After years of non-stop touring, culminating in a particularly arduous stint in support of 2014’s Black Moon Spell, Thomas found himself back in Los Angeles experiencing the flipside of the ultimate rock and roll cliche—that of an exhausted musician suddenly unsure where to go or what to do, held prisoner by a persona that he never meant to create, that bore little resemblance to the worn out person they now saw in the mirror. Thomas was suddenly at odds with the storied rock and roll misfit mythology that he’d spent the past ten years, four full-length albums, a handful of EPs, and multiple live records, unwittingly bringing to life.
“At that point I had literally been on tour for years,” recalls Thomas. “It was exhausting. Physically and mentally. At the end of it I was like, I just can’t do this. I’m essentially playing this character of King Tuff, this crazy party monster, and I don’t even drink or do drugs. It had become a weird persona, which people seemed to want from me, but it was no longer me. I just felt like it had gotten away from me.”
For a time, Thomas involved himself in projects that gave him space from all things King Tuff, and allowed him to, as he says, “go out and play music without having to actually be the boss.” Eventually, after being asked to play a handful of solo shows, Thomas began to see a way through to making new music. “I’d never played a show with just an acoustic guitar,” he says. “It just seemed like the scariest thing. I knew I wanted to write some new songs that could stand up in that kind of setting, which really opened the door to a new way of working.”
“I knew I wanted to record myself on my own time in my own space, so I put together a studio in a room in my house we called the Pine Room. It was like being inside of a wood-paneled spaceship. Suddenly I had all of this new crazy gear that I had no idea how to use in any sort of technical or ‘correct’ way. I just embraced the beauty of not knowing, which I think is where you get interesting things happening.” Thomas self-produced the record, as he did his debut, Was Dead, but on a far grander scale, this time playing every instrument aside from drums and saxophone. He pulled Shawn Everett (War On Drugs, Alabama Shakes) in to assist with the mixing process. “From the moment I started recording, it was like going home, like I had finally found myself again.”
The ten tracks that would eventually become The Other represent a kind of psychic evolution for the King Tuff. No less hooky than previous records, the new songs ditch the goofy rock and roll bacchanalia narratives of earlier records in favor of expansive arrangements, a diversity of instrumentation, and lyrics that straddle the fence between painful ruminations and reconnecting with that part of yourself that feels childlike and creative and not corroded by cynicism. The soulful and cosmic new direction is apparent from the album’s first moments: introduced by the the gentle ringing of a chime, acoustic guitar, and warm organ tones, “The Other” is a narrative of redemption born of creativity. As Thomas sings about about being stuck in traffic, directionless, with no particular reason to be alive, he hears the call of “the other,” a kind of proverbial siren song that, instead of leading towards destruction, draws the narrator towards a kind of creative rebirth. Elsewhere, tracks like “Through The Cracks” and “Psycho Star” balance psychedelia with day-glo pop hooks. “The universe is probably an illusion, but isn’t it so beautifully bizarre?” he asks on “Psycho Star,” providing one of the record’s central tenets. At a time when everything in the world feels so deeply spoiled and the concept of making meaning out of the void seems both pointless and impossible, why not try?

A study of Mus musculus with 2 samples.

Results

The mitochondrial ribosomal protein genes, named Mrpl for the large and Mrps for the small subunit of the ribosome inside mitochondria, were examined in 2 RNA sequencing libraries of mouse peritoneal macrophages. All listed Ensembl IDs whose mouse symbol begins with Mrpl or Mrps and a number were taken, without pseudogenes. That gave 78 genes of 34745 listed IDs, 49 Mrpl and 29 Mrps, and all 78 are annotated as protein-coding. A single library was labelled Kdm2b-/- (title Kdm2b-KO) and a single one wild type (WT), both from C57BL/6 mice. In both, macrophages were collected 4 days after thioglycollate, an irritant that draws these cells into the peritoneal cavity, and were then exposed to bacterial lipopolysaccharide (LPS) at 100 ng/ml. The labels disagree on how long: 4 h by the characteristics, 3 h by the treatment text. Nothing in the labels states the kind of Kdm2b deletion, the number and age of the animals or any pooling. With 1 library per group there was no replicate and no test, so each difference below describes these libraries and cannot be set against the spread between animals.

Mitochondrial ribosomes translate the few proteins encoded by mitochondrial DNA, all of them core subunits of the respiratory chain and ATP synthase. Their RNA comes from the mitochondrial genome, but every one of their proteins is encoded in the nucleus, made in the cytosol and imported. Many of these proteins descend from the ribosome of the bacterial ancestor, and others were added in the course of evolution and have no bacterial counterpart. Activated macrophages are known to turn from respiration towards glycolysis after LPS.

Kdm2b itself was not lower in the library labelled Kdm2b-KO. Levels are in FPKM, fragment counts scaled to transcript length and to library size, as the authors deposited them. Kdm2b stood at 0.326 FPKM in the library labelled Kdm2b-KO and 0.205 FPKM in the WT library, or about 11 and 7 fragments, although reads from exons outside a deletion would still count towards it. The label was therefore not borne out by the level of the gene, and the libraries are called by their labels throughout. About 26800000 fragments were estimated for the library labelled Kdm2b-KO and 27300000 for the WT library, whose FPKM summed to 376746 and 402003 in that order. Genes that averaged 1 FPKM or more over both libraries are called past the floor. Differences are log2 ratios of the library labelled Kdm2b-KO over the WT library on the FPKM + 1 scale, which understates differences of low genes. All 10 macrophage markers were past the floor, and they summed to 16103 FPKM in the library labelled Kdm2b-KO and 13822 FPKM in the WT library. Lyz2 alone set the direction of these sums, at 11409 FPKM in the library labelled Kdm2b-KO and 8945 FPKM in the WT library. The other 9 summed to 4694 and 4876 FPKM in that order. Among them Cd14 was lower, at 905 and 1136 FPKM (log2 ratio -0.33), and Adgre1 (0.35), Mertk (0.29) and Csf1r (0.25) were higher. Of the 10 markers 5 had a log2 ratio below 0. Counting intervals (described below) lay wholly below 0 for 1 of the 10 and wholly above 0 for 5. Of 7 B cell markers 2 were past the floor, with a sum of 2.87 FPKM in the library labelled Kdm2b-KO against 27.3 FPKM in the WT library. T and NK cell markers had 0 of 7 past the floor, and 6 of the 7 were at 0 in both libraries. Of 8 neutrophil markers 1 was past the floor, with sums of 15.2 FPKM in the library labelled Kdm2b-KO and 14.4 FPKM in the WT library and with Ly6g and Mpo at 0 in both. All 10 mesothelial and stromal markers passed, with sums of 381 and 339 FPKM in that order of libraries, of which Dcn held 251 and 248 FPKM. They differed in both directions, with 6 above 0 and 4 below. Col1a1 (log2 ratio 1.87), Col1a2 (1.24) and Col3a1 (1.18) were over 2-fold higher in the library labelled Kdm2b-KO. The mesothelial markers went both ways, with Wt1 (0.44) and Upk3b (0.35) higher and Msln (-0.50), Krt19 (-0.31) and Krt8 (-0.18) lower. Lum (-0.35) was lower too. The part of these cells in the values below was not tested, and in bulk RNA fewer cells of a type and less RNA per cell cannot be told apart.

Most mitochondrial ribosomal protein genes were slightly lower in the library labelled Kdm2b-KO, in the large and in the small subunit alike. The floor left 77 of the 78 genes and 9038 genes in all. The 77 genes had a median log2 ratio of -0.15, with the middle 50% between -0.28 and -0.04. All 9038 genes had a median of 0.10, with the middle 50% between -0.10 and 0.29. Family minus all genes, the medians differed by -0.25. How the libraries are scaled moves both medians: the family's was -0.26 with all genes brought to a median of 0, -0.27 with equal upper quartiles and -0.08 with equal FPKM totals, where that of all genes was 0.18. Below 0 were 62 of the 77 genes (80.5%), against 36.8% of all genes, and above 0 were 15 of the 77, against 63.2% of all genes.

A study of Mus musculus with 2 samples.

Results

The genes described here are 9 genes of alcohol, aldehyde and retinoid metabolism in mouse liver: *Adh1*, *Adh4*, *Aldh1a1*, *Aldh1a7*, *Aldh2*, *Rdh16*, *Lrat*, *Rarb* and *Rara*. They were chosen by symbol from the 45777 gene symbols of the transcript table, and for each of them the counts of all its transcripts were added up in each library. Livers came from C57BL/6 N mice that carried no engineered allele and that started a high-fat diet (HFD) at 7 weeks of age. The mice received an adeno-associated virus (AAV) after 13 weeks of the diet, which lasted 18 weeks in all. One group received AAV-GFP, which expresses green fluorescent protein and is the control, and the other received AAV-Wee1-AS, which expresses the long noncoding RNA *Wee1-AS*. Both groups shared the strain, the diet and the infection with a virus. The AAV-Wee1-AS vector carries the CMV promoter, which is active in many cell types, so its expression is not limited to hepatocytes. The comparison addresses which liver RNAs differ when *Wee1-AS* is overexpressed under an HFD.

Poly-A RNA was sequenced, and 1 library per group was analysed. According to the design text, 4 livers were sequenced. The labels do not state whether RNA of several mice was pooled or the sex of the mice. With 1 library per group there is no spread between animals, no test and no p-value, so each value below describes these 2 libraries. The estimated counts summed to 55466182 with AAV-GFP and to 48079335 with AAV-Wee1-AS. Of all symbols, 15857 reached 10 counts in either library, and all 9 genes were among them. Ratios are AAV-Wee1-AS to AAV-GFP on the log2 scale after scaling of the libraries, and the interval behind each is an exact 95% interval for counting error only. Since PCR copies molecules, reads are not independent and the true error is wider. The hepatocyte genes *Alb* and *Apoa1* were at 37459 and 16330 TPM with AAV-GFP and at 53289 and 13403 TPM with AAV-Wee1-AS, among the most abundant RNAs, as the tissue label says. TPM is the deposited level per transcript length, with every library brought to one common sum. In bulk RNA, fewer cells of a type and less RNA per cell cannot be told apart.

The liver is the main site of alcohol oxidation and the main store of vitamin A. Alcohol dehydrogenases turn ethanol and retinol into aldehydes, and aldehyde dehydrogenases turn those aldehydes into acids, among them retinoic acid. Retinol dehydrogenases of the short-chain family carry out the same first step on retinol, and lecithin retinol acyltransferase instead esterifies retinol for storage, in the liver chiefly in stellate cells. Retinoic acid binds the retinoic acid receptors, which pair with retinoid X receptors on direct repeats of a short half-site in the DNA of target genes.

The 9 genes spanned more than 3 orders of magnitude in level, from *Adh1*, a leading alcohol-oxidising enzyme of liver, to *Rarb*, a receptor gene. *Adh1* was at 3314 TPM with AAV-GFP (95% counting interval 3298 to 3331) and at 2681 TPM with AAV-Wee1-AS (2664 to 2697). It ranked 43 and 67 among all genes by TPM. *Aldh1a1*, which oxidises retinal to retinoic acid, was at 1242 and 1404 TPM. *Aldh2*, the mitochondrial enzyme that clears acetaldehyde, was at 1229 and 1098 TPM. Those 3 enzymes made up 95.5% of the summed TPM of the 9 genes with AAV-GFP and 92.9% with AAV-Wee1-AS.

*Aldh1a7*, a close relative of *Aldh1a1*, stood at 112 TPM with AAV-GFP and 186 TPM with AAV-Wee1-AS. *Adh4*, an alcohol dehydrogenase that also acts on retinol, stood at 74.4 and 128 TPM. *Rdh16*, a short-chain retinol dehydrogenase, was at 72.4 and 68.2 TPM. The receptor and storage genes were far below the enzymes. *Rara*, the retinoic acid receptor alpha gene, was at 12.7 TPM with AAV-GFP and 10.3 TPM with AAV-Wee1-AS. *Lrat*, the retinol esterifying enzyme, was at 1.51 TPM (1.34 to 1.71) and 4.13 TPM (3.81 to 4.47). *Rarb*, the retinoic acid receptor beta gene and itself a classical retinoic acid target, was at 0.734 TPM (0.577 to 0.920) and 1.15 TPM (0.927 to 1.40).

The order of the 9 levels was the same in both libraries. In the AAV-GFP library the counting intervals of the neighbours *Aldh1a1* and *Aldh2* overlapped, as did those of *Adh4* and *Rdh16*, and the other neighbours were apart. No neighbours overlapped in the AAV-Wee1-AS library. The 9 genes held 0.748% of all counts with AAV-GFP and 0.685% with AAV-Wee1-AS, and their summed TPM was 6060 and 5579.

“I’m talking about things that I don’t necessarily feel good about, that aren’t easy,” says Thomas, who views the record as a way to push back against that internal voice that so often keeps us from trying new things. “I feel like this relates to a song like ‘Birds of Paradise,’ which is definitely about trying hold on to that childlike part of yourself that doesn’t care what anyone thinks, the endless curiosity and unbounded creativity.” It’s a sentiment that pops up throughout the record, particularly in the preening funk of “Raindrop Blue,” and the ripping “Ultraviolet,” tracks that crack open new sonic territory for King Tuff, complete with rainbow keyboards, strutting basslines, hot-buttered bongos, harmonicas, angelic backing vocals, and strikingly danceable grooves. After nine songs that take on everything from creative insecurity, the isolating evils of technology, and the redemptive power of art, the album wraps up with “No Man’s Land.” The song is a slow-build gospel-tinged stunner that comes complete with harp strums and pillows of space synths for Thomas’ beleaguered lyrics (“I’m going down to the forgotten part of town with roses and rubies in my hands”), which sound both weary and strangely at peace. It’s a song about ending up where you need to be, even if you have no idea how you might have arrived there. “It’s about attaining The Other,” says Thomas. “‘No Man’s Land’ is a vision of the afterlife, it’s where the journey eventually leads you. It’s some other plane of existence that you kind of aspire to. It’s ending up inside the dream.”
While it would be easy to think of The Other as a kind of reinvention for King Tuff, Thomas views the entire experience of the record as a kind of psychic reset, and something not totally removed from what he’s done in the past. “I can’t help but sound like me,” he says. “It’s just that this time I let the songs lead me where they wanted to go, instead of trying to push them into a certain zone. King Tuff was always just supposed to be me. When I started doing this as a teenager, it was whatever I wanted it to be. King Tuff was never supposed to be just one thing. It was supposed to be everything.”